Why I call myself O. Most people think of Chaos as the opposite of Order, but actually Order is merely Chaos constrained. In this respect, Order and Chaos form a continuum that comprises the fullness of existence. The opposite of this “fullness” is the “nothingness” or a Void, often represented by an empty circle.
(from More About O)
Freaky, eh? There’s more:
As O, I play Yin to Chaos’ Yang in bringing forth images that display the fullness of Chaos.
All these images were created with a freeware fractal program called Fractint, using only its standard built-in formulae. In keeping with the spirit of its developers, I have not encrypted these images or tried to make them “proprietary” in any way so that others may learn and improve upon the techniques I have used.
(from More About O)
I have a sneaking suspicion who this artist is, but I’m not making any guesses right away. Let’s just look at the art. (Click images for larger view)
Harmon01 by “O”
Harmon201b, by “O”
Harmon231, by “O“
Harmon04, by “O”
These images may not be the kind that get people excited over at Renderosity or Deviant Art these days, but I think they’re good fractal art nonetheless. I suppose most people have moved on from Fractint but have they all moved up to making better fractal art? The creative power of fractal math, even in an old-fashioned program like Fractint using 256-color palettes, can be more impressive than an image made with a newer program utilizing all sorts of graphical effects but which displays little algorithmic character.
These images really need to be viewed at their larger size to fully appreciate the detail that I find makes them so interesting. Although they are patterns and completely determined by a formula, they possess an important quality of good design –unpredictability– which is exhibited by the lack of repetition and the high degree of variation that one sees when they’re given a more careful look.
The third one, Harmon231, has a very rich, almost painted style to it that is surprising in something made with such a simple, 256-color palette. The image reminds me of the painted ornamentation in ancient Egyptian tombs.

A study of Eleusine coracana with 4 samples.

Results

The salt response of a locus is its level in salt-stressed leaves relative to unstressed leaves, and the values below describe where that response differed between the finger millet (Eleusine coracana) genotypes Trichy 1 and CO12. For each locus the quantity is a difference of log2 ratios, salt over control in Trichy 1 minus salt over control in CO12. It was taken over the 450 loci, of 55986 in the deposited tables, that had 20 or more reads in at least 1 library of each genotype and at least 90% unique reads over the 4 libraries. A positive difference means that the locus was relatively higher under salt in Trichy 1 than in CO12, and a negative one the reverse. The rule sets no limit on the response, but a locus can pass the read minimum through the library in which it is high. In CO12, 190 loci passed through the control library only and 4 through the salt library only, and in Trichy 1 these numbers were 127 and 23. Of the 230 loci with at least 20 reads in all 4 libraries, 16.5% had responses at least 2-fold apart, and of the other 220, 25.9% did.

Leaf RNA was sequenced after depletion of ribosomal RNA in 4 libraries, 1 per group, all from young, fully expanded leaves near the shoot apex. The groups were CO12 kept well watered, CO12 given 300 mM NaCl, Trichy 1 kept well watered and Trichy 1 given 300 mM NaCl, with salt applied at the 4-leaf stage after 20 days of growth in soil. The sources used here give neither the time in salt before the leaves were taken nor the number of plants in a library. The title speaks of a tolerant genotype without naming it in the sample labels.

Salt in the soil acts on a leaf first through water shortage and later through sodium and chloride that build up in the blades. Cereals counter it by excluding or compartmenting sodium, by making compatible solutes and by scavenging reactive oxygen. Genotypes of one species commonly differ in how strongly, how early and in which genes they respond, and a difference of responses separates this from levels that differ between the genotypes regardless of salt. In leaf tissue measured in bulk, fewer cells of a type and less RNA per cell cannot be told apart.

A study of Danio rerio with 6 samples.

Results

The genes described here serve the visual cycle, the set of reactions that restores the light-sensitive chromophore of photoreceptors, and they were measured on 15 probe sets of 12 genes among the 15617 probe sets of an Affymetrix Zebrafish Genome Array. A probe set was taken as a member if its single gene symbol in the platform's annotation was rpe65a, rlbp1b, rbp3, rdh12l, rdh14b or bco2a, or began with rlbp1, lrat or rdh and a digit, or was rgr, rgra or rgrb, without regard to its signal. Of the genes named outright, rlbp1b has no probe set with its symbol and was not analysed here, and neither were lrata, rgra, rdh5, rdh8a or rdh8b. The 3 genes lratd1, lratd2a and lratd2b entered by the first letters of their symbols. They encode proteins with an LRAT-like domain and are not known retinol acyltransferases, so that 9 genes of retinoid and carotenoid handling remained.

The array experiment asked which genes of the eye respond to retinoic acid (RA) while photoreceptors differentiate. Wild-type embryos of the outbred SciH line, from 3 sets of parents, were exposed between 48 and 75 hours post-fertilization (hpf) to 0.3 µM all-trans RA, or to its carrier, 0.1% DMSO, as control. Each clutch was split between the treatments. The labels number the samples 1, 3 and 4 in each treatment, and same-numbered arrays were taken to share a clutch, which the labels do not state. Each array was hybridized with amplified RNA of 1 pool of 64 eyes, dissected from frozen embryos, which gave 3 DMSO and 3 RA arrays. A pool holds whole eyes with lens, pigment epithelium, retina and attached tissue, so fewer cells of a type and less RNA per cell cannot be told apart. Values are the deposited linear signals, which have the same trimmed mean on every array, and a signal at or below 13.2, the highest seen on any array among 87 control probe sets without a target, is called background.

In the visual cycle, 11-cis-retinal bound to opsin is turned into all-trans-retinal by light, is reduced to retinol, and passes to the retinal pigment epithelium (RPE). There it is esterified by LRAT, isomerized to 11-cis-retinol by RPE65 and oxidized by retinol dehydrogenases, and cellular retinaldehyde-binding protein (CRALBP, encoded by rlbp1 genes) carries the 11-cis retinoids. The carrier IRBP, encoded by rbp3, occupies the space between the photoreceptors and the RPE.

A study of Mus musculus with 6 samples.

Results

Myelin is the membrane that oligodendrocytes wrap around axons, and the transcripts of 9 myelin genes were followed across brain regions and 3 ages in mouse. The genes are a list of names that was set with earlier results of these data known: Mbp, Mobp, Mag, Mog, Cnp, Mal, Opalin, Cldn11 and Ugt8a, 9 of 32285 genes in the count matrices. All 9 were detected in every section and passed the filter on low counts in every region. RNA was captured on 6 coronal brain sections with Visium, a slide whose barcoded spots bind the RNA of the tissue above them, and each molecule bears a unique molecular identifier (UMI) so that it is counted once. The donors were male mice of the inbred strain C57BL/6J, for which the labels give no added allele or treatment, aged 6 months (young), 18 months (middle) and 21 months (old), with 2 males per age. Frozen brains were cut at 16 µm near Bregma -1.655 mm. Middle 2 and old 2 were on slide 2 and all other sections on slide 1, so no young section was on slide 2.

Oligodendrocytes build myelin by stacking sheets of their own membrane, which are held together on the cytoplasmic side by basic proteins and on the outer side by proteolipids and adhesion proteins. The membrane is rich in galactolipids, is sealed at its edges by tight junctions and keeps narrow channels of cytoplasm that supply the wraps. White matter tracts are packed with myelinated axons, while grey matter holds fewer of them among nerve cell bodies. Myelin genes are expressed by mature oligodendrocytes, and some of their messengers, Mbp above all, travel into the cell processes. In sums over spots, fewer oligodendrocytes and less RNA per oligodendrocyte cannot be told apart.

In the first and last, Harmon01 and Harmon04, the large Celtic-like rope work displays what looks like symbols at the main intersection points as if the formula was labeling itself with it’s own custom algorithmic hieroglyphics.
The second, purple one, Harmon201b, is perhaps the most interesting of the group because of it’s most pronounced design element, the empty, colorless holes with irregular shapes. Some of the line details are a single palette color and don’t even appear to be anti-aliased and yet complement the rest of the work which resembles a cross between thermal photography and avante garde painting. All that from using an old dinosaur of a program like Fractint!
Well, that’s the way it is with Fractal Art, or I guess any kind of art: it’s not so much what tools you use as how you use them. Some people might view this artwork by “O” as being very simple and maybe even primitive, but the artistic effect obtained with them rivals anything created with more complex programs. And it’s all about making art, isn’t it?
I checked out “O”‘s web site and there are some stunning images on there! The more I read and learn about older programs and fractal the less and less I use Ultra Fractal.
Yes, I do know who “O” is. And I wish he was still able to do fractals like he once did. But with the severe eye problems he has had over the past few years, I doubt if he will ever grace us with any of these fantastic explorations of his.
And it is also true that many people have taken his .PAR (parameter) information and used it for their own purposes, without giving credit where it was due. Almost everyone of those so-called-artists was using UF to try and reproduce O’s work, or some variation of it. The only problem is that the UF program never did acquire full compatibility with handling the FractInt .PAR files. But maybe that was a good thing.